Cultural Affairs and Tourism Minister Outlines Strategic Vision


Liberia’s Deputy Minister for Cultural Affairs and Tourism Lance Gbagonyon has revealed a plan that will make the tourism sector in the country become a million-dollar industry in the next six years.

The strategic tourism development plan set a target of 15 million international visitors to the country by 2023, with a projected direct economic impact of between US$20 to US$40 million.

Min. Gbagonyon said that Liberia is one of the few countries in Africa that has a wide variety of tourist attractions, especially given its position in Africa as the first black independent country, putting Liberia in a favorable position to attract more visitors if the right marketing techniques are put in place.

“My goal is to promote the tourism industry as one of the economic pillars for growth and job creation, and I’m working around the clock to make it a reality. The first priority area under the six-year strategic plan focuses on improving and persevering heritage, eco- and wildlife tourism structures. For heritage tourism, we are going to reconstruct the home of President Joseph Jenkins Roberts, Africa’s first democratically elected president, which stands on Ashmun Street and still has its original look of the 1800s. This would be turned into museum, likewise the birthplace of President Weah, the world’s first soccer star to become president.

“It will not just be an ordinary museum with memorabilia or artifact, but one that offers visitors a night’s stay. Also, the relocation of the cultural village to Behsao will be persevered as well as the 300-plus-year-old ruin defense wall in Lofa County, among others. Every tourist in this world will want to have a night on the bed President Weah slept on while growing up.  This is an experience no one would want to miss,” he said.

Other priorities will include the construction of leisure resorts near the country’s three waterfalls and working with the ministry to issue e-visa for tourists, something which has not be done before.

Min. Gbagonyon added: “The issuing of e-visa will open up the country’s tourism industry to the world and make it vibrant. Tourists want to visit Liberia, but they find it difficult because of the visa process, which discourages them from visiting the country. However, everything will change once this e-visa, which will be meant only for tourists, comes into existence next year.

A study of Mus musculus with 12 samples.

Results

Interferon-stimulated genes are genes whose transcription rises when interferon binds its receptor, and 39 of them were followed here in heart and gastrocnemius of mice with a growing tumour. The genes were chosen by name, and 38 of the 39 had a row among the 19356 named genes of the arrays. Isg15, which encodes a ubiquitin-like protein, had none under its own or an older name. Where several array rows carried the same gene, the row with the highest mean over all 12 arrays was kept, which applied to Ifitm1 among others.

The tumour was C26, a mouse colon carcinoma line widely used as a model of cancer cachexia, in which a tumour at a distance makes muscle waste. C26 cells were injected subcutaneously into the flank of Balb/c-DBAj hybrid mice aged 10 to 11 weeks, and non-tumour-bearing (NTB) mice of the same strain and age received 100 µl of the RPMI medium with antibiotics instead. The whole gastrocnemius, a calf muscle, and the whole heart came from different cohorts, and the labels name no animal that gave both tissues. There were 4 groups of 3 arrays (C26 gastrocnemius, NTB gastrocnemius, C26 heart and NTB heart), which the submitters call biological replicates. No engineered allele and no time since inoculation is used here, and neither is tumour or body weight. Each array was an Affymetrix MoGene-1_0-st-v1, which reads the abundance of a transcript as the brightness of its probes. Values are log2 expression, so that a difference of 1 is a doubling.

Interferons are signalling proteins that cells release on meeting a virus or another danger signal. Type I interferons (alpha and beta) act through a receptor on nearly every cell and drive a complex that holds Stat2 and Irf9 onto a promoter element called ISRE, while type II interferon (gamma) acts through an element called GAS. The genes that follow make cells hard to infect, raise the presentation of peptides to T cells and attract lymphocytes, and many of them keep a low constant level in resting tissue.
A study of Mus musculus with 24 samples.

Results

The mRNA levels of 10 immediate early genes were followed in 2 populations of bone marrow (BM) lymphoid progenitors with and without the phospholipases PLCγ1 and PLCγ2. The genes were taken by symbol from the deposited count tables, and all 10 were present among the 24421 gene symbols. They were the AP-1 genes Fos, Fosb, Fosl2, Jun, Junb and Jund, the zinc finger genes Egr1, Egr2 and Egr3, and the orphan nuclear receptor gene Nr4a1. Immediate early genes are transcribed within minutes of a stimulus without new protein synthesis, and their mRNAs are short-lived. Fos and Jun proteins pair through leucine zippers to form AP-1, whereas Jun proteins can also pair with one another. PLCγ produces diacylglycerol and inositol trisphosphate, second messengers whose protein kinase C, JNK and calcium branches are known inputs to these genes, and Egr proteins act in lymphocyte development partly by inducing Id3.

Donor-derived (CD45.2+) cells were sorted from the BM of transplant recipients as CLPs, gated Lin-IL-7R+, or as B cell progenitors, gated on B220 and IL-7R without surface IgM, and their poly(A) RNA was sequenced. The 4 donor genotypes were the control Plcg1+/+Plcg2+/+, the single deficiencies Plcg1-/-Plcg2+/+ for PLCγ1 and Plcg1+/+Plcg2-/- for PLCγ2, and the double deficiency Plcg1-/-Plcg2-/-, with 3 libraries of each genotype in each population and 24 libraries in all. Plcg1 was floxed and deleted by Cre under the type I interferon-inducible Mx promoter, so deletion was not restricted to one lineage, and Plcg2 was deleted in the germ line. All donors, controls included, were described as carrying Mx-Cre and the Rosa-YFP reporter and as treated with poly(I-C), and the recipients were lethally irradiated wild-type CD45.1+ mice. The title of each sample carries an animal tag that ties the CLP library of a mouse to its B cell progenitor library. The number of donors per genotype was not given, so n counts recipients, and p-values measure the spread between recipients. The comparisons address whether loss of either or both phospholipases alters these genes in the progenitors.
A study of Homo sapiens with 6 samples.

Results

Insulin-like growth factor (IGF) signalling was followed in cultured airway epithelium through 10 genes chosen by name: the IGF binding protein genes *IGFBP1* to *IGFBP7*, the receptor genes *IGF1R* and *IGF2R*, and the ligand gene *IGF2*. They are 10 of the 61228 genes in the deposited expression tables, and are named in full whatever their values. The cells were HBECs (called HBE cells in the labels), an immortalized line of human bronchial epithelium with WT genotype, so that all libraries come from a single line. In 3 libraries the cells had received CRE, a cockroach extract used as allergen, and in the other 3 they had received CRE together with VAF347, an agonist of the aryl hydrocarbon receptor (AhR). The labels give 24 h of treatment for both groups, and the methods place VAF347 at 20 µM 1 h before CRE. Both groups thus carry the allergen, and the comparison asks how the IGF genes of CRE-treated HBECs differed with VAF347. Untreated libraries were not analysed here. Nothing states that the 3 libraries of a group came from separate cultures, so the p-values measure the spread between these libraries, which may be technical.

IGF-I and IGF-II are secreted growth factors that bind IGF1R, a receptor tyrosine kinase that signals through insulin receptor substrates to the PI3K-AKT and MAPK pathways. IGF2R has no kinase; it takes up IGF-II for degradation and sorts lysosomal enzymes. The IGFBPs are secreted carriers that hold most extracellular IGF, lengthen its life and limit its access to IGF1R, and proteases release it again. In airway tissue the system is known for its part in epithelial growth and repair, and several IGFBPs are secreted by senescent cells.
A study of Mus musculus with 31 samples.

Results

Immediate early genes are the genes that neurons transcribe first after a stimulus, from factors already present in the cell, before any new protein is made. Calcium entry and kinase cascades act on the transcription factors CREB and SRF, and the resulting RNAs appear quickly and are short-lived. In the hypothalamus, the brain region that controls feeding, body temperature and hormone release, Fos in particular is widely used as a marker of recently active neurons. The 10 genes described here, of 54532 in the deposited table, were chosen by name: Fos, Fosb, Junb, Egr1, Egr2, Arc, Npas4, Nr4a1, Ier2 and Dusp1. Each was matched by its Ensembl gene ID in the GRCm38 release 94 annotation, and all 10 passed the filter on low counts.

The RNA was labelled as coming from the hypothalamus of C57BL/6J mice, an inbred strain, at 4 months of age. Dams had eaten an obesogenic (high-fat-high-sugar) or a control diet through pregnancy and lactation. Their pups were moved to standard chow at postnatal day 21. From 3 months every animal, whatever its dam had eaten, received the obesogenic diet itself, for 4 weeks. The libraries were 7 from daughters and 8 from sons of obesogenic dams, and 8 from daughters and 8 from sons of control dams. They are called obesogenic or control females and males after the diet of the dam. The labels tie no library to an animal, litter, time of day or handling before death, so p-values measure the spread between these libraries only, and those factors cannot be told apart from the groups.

“We also plan to offer hospitality training because we need skilled personnel in that sector, to promote service that meets international best practices. The construction of resorts near these waterfall areas will boost eco-tourism. Most people would find it boring, traveling to a waterfall that doesn’t offer a residential facilities.

Min. Gbagonyon added the targeted 15 million visitors will be attracted through vigorous marketing approach once the necessary tourist attraction areas have been fixed by working with destination market organizations in Europe, Asia, the Americas, and the Arabian Peninsula to help promote the sector to foreign tourist.

“We have the largest remains of the Guinea rainforest, which possess some species only unique to this country, which is a big deal to wildlife tourists.  All that is needed is to get the information out there the rightful way,” he noted.

The strategic plan will rely heavily on public-private partnership, a priority number one, in order to boost tourism growth, although there are certain earmarked projects that the government needs to fund as well.

“Priority number two will be undertaken through a public-private partnership contract. This is the best way to develop a tourism industry,” Min. Gbagonyon said, adding: “Liberia is replete with abundant tourism attractions — areas that just need one or two finishing touches. Growth is built via the private sector.  Before the end of this year, we are going to have our first tourism investment conference to pitch the potential of the sector to local and international investors.”


  1. I am happy about the ideal of tourism in Liberia. I live in America and to my greatest surprise many black Americans don’t know their connection to Liberia. They are always shocked and interested in Liberia by the time I start telling stories of how their people founded Liberia and name places after where they came from in America. I think the tourism department needs to heavily focus on them. I want to also say security is a major issue in Liberia where criminals can just jerk your phone and run off without any action from the police. They need to make the streets safe and clean too. The transportation industry need to be organize in way that is safe and efficient. Too many dirty people and criminals loading cars in Liberia and stealing from people. These things to end because they can discourage visitors. You people need to open up providence island again and let it be the first stop of black Americans visiting Liberia then you can take them settlements where their people first lived and show them some of the homes. I believe it will bring many of them to Liberia.

  2. It’s a great plan. Liberia is knows for its big ocean waves for surfing in Grand Capemount and other places but the tourism industry is so underdeveloped; there are no modern hotels to host guests in these places. The potential is there for sure.